Chasing proof of vote-rigging conspiracy theories, Republican officials and activists in eight U.S. locales have plotted to gain illegal access to balloting systems, undermining the security of elections they claim to protect.
To stand up that bogus claim, some Trump die-hards are taking the law into their own hands – by attempting, with some success, to compromise the voting systems themselves.
Previously unreported surveillance video captured one such effort in August in the rural Colorado town of Kiowa. Footage obtained by Reuters through a public-records request shows Elbert County Clerk Dallas Schroeder, the county’s top election official, fiddling with cables and typing on his phone as he copied computer drives containing sensitive voting information.
Schroeder, a Republican, later testified that he was receiving instructions on how to copy the system’s data from a retired Air Force colonel and political activist bent on proving Trump lost because of fraud.
That day, Aug. 26, Schroeder made a “forensic image of everything on the election server,” according to his testimony, and later gave the cloned hard drives to two lawyers.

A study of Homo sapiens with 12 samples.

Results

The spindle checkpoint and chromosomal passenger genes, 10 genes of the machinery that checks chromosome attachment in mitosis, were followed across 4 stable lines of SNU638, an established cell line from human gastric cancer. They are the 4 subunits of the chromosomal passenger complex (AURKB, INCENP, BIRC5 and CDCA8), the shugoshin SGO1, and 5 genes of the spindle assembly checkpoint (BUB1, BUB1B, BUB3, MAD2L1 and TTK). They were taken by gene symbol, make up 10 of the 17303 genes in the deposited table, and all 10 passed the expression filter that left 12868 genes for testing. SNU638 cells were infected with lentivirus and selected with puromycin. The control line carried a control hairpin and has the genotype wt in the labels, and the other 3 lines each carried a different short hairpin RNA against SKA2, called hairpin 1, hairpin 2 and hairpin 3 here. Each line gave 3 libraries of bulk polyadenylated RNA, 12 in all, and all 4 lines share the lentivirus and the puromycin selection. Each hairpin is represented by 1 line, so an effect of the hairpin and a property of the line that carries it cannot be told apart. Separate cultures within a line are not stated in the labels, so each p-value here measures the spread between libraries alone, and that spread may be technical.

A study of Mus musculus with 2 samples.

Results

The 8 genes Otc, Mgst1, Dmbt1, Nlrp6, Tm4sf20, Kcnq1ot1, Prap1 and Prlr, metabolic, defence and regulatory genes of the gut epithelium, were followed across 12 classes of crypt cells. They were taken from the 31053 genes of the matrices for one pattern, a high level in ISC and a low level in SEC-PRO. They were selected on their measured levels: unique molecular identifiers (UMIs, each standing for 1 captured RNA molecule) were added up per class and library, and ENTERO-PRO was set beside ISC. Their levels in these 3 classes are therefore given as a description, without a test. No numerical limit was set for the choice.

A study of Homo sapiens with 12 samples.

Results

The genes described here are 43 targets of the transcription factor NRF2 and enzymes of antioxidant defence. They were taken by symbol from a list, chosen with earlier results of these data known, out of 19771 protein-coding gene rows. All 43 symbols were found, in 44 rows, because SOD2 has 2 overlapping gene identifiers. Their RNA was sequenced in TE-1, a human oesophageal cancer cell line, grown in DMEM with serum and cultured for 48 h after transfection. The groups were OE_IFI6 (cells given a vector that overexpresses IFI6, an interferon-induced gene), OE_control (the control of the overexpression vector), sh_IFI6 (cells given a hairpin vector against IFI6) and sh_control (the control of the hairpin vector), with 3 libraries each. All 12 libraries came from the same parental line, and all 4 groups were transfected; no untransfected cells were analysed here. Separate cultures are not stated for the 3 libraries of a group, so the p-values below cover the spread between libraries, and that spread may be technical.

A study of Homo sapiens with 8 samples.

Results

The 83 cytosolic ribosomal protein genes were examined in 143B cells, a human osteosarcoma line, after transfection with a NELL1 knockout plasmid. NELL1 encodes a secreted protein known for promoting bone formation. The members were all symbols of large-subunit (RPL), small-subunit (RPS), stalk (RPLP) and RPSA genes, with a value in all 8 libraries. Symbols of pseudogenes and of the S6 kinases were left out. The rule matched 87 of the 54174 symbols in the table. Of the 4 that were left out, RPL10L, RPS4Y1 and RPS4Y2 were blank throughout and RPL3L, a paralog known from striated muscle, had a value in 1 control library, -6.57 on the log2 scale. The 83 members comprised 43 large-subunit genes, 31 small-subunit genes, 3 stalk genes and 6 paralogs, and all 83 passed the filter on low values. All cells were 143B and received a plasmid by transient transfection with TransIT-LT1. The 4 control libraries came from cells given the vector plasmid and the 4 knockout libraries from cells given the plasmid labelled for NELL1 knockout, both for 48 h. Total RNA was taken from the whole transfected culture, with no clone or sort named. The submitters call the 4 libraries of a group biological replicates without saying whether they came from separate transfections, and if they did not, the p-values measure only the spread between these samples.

Schroeder is now under investigation for possible violation of election laws by the Colorado secretary of state, which has also sued him seeking the return of the data. Schroeder is defying that state demand and has refused to identify one of the lawyers who took possession of the hard drives. The other is a private attorney who works with an activist backed by Mike Lindell, the pillow mogul and election conspiracy theorist.
Schroeder said in a legal filing that he believed he had a “statutory duty” to preserve voting records. He declined to comment for this report.
The episode is among eight known attempts to gain unauthorized access to voting systems in five U.S. states since the 2020 election. All involved local Republican officeholders or party activists who have advanced Trump’s stolen-election falsehoods or conspiracy theories about rigged voting machines, according to a Reuters examination of the incidents. Some of the breaches, including the one in Elbert County, were inspired in part by the false belief that state-ordered voting-system upgrades or maintenance would erase evidence of alleged fraud in the 2020 election. In fact, state election officials say, those processes have no impact on the voting systems’ ability to save data from past elections.